These facts about St Patrick’s day surprised even us. It is less than a week away from the big day on the 17th March.
It is always amazing to see just how many people celebrate across the world.
This year we have an epic rugby match against England on St Patrick’s day which I am sure the entire population of Ireland will be eagerly watching.
Our Facebook group for Irish around the world has had some crazy arguments over people calling it Patty’s day. If you are not a member yet sign up here.
Now onto the facts about St Patrick’s day:
- It is believed St. Patrick, a Roman-Britain-born Christian missionary, was born in the late fourth century and is credited with bringing Christianity to the Irish people.
- It is also believed St. Patrick drove all the snakes out of Ireland. However, post-glacial Ireland never actually had snakes. Many believe that the term “snakes” referred to the serpent symbolism of the Druids of that time and place. Today, there are no snakes to be found!
The first St. Patrick’s Day parade was held in New York City in 1762.
- Since 1762, 250,000 marchers have traipsed up Fifth Avenue on foot – the parade still doesn’t allow floats, cars, or other modern trappings.
- According to Irish legend, the St Patrick used the three-leafed plant as a metaphor for the Holy Trinity when he was first introducing Christianity to Ireland.
- According to Irish legend, Saint Patrick wasn’t originally called Patrick. His birth name was Maewyn Succat, but he changed his name to Patricius after becoming a priest.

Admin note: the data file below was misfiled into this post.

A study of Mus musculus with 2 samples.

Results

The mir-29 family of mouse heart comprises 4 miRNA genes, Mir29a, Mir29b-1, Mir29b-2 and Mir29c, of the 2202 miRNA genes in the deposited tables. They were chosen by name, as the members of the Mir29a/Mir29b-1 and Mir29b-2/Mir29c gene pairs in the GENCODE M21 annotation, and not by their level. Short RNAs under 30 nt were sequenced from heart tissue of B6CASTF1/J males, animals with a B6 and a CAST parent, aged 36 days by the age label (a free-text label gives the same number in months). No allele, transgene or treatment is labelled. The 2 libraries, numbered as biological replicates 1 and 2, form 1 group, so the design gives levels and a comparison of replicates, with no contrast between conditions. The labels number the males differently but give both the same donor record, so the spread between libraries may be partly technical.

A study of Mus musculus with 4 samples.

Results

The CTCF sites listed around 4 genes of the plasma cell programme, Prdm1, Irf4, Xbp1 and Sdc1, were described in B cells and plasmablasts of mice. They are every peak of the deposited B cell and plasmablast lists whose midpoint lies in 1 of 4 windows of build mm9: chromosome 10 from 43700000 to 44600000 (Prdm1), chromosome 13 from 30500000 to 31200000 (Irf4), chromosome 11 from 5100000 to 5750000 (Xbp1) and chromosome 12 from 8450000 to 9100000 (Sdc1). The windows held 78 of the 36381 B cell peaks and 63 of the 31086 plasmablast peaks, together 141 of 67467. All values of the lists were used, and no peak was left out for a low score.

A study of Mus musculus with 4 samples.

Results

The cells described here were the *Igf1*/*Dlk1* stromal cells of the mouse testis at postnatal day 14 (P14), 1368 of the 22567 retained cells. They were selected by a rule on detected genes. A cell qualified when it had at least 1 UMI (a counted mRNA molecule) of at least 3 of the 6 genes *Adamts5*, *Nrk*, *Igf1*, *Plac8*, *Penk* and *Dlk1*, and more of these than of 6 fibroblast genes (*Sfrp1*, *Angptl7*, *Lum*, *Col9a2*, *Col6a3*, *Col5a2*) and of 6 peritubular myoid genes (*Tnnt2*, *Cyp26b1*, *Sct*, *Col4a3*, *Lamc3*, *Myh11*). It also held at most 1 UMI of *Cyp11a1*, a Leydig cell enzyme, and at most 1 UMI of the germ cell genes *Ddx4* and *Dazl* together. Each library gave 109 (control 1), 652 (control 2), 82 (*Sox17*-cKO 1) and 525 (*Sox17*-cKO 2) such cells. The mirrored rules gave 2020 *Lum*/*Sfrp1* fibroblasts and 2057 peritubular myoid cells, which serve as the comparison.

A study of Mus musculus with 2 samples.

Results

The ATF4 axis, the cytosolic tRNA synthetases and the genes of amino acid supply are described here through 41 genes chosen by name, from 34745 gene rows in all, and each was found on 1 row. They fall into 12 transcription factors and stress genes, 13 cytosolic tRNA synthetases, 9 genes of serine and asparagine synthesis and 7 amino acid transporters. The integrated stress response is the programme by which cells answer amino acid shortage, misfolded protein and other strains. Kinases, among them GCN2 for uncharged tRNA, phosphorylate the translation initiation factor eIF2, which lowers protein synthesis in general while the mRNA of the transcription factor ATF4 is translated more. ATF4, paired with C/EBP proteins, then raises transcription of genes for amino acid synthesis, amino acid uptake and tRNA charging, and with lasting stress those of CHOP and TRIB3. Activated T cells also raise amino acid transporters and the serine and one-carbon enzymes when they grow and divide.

- Guinness sales soar on St. Patrick’s Day. On St. Patrick’s Day the average amount of Guinness that is consumed is doubled around the world.
- Since 1962, the Chicago River is dyed kelly green during the celebration. Forty tons of dye is dumped into the river which changes colour for four to five hours.
- You can’t attend a Saint Patrick’s Day event without hearing a cry of “Erin go Bragh.” What’s the phrase mean? It’s a corruption of the Irish Éirinn go Brách, which means roughly “Ireland Forever.”
- For most of the 17th century, Saint Patrick’s Day was considered a strictly religious holiday in Ireland, which meant that the nation’s pubs were closed for business on March 17. In 1970, the day was converted to a national holiday, and the stout resumed flowing.
What other facts about St Patrick’s day do you know? Comment below and be sure to share this article with a fellow Irish person around the world. Have a great day on March 17th!
It is also a great time to order an Ancestry DNA kit to trace your Irish heritage. Get up to 30% off the DNA kits here.